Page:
Friday, January 3, 2020

The Director Was a Woman

The theory is that Little Women has been largely snubbed by the Golden Globe and SAG folks because few of the men who run those organizations want to see a movie that’s all about GIRLS. The members of the Hollywood Foreign Press, a small and exclusive group, didn’t include a single woman among their Golden Globe nominees for best director and best screenplay. This despite the contributions of, among others, Greta Gerwig (Little Women), Marielle Heller (A Beautiful Day in the Neighborhood), Kasi Lemmons (Harriet), and Lulu Wang (The Farewell).

Meanwhile, BBC Culture has just presented the results of its latest polling. After surveying 368 experts from 84 countries, they’ve compiled a list of the 100 greatest films directed by women. Why choose this topic? It came out of the BBC’s realization that after several years of polling on various film-related subjects (greatest foreign-language films, greatest film comedies, greatest American films, and so on), they rarely found women’s achievements represented. I’m sure there are PhD dissertations being written at this very moment as to why it’s so rare for women to helm movies. But it’s fascinating to look back and see the names of women who did something wonderful. Too bad so many of them were working in foreign language cinema. French-speaking women, in particular, seem to prevail. On the list we find six films by the late, beloved Agnès Varda,, three by Claire Denis, several by the  Belgium-born Chantal Akerman, and a very recent entry, Portrait de la jeune fille en feu (aka Portrait of a Lady on Fire) by Céline Sciamma. There’s no surprise that Italy is represented on the list by Lina Wertmūller, whose Seven Beauties made her the first woman ever to be nominated for a Best Director Oscar. Nor that Poland’s Agnieska Holland is recognized for the poignant Europa, Europa. It’s hard to accept the name of German filmmaker Leni Riefenstahl, whose filmmaking talent here outweighs her use of cinema to glorify Adolf Hitler in documentaries like Triumph of the Will. (Women, like men, are not always as wise as they are talented.)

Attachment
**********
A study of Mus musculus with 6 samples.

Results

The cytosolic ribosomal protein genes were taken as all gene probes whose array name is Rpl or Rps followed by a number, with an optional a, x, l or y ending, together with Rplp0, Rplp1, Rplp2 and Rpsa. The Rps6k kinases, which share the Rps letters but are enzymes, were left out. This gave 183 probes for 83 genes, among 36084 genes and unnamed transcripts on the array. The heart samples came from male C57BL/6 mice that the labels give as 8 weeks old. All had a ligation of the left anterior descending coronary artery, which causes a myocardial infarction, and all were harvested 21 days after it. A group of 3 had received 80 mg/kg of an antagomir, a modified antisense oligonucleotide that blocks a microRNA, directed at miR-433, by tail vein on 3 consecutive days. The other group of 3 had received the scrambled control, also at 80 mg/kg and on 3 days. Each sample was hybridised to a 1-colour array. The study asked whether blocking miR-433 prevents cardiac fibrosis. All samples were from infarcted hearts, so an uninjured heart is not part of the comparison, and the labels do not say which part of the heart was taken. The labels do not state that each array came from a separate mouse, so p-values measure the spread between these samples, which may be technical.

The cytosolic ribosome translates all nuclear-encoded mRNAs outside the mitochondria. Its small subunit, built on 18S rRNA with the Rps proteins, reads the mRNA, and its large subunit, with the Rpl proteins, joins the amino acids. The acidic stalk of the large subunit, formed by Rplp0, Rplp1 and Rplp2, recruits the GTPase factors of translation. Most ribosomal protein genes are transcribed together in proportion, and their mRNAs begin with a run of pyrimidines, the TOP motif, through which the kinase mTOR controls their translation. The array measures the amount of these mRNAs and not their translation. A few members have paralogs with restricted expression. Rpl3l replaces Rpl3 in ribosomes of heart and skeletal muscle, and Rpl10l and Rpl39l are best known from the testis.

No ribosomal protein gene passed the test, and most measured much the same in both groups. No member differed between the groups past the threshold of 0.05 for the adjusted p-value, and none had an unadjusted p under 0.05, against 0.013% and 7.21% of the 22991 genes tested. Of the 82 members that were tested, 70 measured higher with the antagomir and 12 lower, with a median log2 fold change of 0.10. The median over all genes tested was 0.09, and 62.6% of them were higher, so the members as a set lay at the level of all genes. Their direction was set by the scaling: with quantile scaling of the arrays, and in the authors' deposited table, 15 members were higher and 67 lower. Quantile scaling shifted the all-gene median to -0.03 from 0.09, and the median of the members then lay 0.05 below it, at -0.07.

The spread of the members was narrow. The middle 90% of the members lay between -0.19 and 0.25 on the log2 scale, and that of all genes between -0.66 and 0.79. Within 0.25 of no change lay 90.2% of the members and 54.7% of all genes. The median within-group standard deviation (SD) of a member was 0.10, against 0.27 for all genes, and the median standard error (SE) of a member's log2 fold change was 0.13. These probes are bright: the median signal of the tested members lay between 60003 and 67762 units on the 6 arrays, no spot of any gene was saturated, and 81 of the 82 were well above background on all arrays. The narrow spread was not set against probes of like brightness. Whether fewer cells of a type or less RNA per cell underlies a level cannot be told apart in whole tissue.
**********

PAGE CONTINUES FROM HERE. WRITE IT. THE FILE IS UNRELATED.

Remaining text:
Though I haven’t seen every one of these films, I can hardly argue with the list’s #1 slot, which goes to New Zealand’s Jane Campion for her haunting feature, The Piano. Like Wertmūller, Campion was given a Best Director nod by the Academy of Motion Picture Arts and Sciences. She was not to nab an Oscar for directing, but won instead for her screenplay. There have been only three other female Oscar nominees for Best Director: Sofia Coppola for Lost in Translation, Kathryn Bigelow for The Hurt Locker (she actually won, possibly because her film had an intensely male focus), and Greta Gerwig for Lady Bird. All three are still active filmmakers, so maybe there’s hope that Coppola and Gerwig too will someday be among the chosen few. I also liked seeing on the  BBC list names like that of Lisa Chodolenko, whose The Kids Are All Right was one of the standouts of 2010, Amy Heckerling (Fast Times at Ridgemont High), Kasi Lemmons (Eve’s Bayou).and Kimberley Peirce (Boys Don’t Cry). But I don’t know how the experts could have left out such talents as Nicole Holofcener (for the delightful Enough Said) and Allison Anders (Mi Vida Loca).

Then there’s an entry that continues to trouble me: Lana and Lilly Wachowski for 1999’s The Matrix. The Wachowskis, both transgender, were considered male when they shot this big-budget film. Did that fact help them get past the barriers that stop so many female directors in their tracks?